Wonder Woman is in cinemas from 2 June 2017
Wonder Woman finally addresses the depressing paucity of female leads in comic book blockbusters. Diana Prince (Israeli actor Gal Gadot) is brought centre stage after her striking cameo in the underwhelming Batman v Superman: Dawn of Justice (2016), while Patty Jenkins – who coaxed an Oscar-winning performance from Charlize Theron in Monster (2003) – directs. This is the first time women have been both behind the camera and played the protagonist on a superhero film.
Raised and trained as an Amazonian warrior on the secluded, all-female island of Themyscira, Diana accidentally leads German soldiers to her tribe when she rescues American spy Captain Steve Trevor (Chris Pine) from his crashed plane. When Diana learns that the outside world away from the island is in global conflict (it is 1918), she insists on joining Trevor on his mission to defeat the villainous General Ludendorff (a malevolent Danny Huston).
This thrilling, refreshing addition to the multiplex is the first great film of the DC extended universe, and Gadot memorably portrays the proud, eponymous heroine with pugnacity and wit. It even avoids the superhero sub-genre’s trap of overloading viewers with too many characters and subplots relating to other films.
With Wonder Woman now in cinemas, here are some fine films and one huge TV series that may enhance your enjoyment.
Paths of Glory (1957)
Director Stanley Kubrick
Stanley Kubrick’s philosophical anti-war masterpiece is evoked aesthetically when Diana and her quartet of soldiers visit the Belgian trenches on their way to stop Ludendorff from unleashing hell with a deadly chemical weapon. There isn’t an attempt to replicate Kubrick’s memorable tracking shots, but the squalor, despair and carnage of war is evident in the frame composition and production design. The Kubrickian tone and focus on man’s inhumanity at times of conflict is expressed throughout the film’s second act, with our heroine increasingly aghast at the deaths and maimings.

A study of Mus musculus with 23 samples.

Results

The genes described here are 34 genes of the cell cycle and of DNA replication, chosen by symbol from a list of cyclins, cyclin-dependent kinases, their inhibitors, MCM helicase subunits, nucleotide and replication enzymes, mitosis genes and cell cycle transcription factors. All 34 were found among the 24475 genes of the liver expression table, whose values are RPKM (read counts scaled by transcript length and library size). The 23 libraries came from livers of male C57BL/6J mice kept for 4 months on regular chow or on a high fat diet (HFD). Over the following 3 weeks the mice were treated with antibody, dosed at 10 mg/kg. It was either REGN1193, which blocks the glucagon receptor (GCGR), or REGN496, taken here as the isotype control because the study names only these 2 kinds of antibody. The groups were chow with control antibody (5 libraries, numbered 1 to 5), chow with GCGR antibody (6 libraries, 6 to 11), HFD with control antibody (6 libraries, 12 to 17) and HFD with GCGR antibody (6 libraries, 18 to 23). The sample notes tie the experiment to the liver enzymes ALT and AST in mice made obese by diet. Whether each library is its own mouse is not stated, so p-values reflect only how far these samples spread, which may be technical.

The Dirty Dozen (1967)
Director Robert Aldrich
When Lee Marvin and his crew of convict soldiers go on a suicide machine to infiltrate a Brittany chateau in Robert Aldrich’s tremendous Second World War romp, it set a template for every ragbag team of unlikely heroes for the next 50 years of action cinema. Every viewer knows the drill: the clashing personalities and varying areas of expertise shouldn’t work, but somehow they just do. In Wonder Woman, Diana and Trevor call on solemn Native American Chief (Eugene Brave Rock), amorous master of disguise Sameer (Saïd Taghmaoui) and heavy-drinking sniper Charlie (Ewen Bremner on lively form), an unlikely bunch that, in time-honoured fashion, bring out the best in each other when it really matters.
The Indiana Jones series (1981-)
Director Steven Spielberg
There is something of the old-fashioned adventure story to Wonder Woman that recalls cinema’s most famous archaeologist. George Lucas wanted the escapades of Dr Jones to mirror those of the serial matinee stories from the 1930s and 40s and, while Jenkins’ film is set mostly in 1918, there are several key similarities. Both protagonists have a strong sense of family: Indy’s eye-rolling reluctance to look after/accompany his father belies a deep affection, while Diana is fiercely loyal to her mother, Queen Hippolyta (Connie Nielsen), and aunt, General Antiope (a typically steely Robin Wright). Both count a whip as a crucial part of their kit: Indy disarms villains with a crack of his, while Diana’s truth lasso is an efficient tool for gathering secrets. Crucially, both are also unambiguously heroic. While grizzled Indy and naive Diana differ vastly in worldly experience, they are both a clear force of good and free of the more questionable traits of most contemporary heroes.
The Dark Knight (2008)
Director Christopher Nolan
The best of Christopher Nolan’s brooding Batman trilogy opens fast and stylish with a stunning aerial shot of Chicago – doubling as Gotham – before jumping into a bank heist in which none of the criminals quite know who’s in charge. It’s a breathless combo of vertiginous cinematography, Stanley-knife-sharp editing and anxious music, galvanised by the familiar Nolan-esque feeling that something heavy is about to go down in an exciting fashion. Wonder Woman begins with a stunning aerial shot of Paris, when the swiftly dollying camera soon heads to the famous glass pyramid at the Louvre. A thrilling, auspicious score and some familiar DC character branding hint at the wonders to come.
Game of Thrones (2011-)
Creators David Benioff and D. B. Weiss
Wonder Woman’s opening act is mostly devoted to the training of Amazonian warriors on the woman-only island of Themyscira. As in Benioff and Weiss’s epic fantasy drama, swordplay and sparring scenes are staged vividly, with viewers thrown right into the action. A pivotal battle sequence is as turbulent as those familiar from Game of Thrones, albeit with much less frenzied bloodletting. That aside, Bechdel-test approved sequences are full of courageous women characters that could hold their own with mighty female Game of Thrones warriors such as Daenerys Targaryen, Arya Stark and Brienne of Tarth.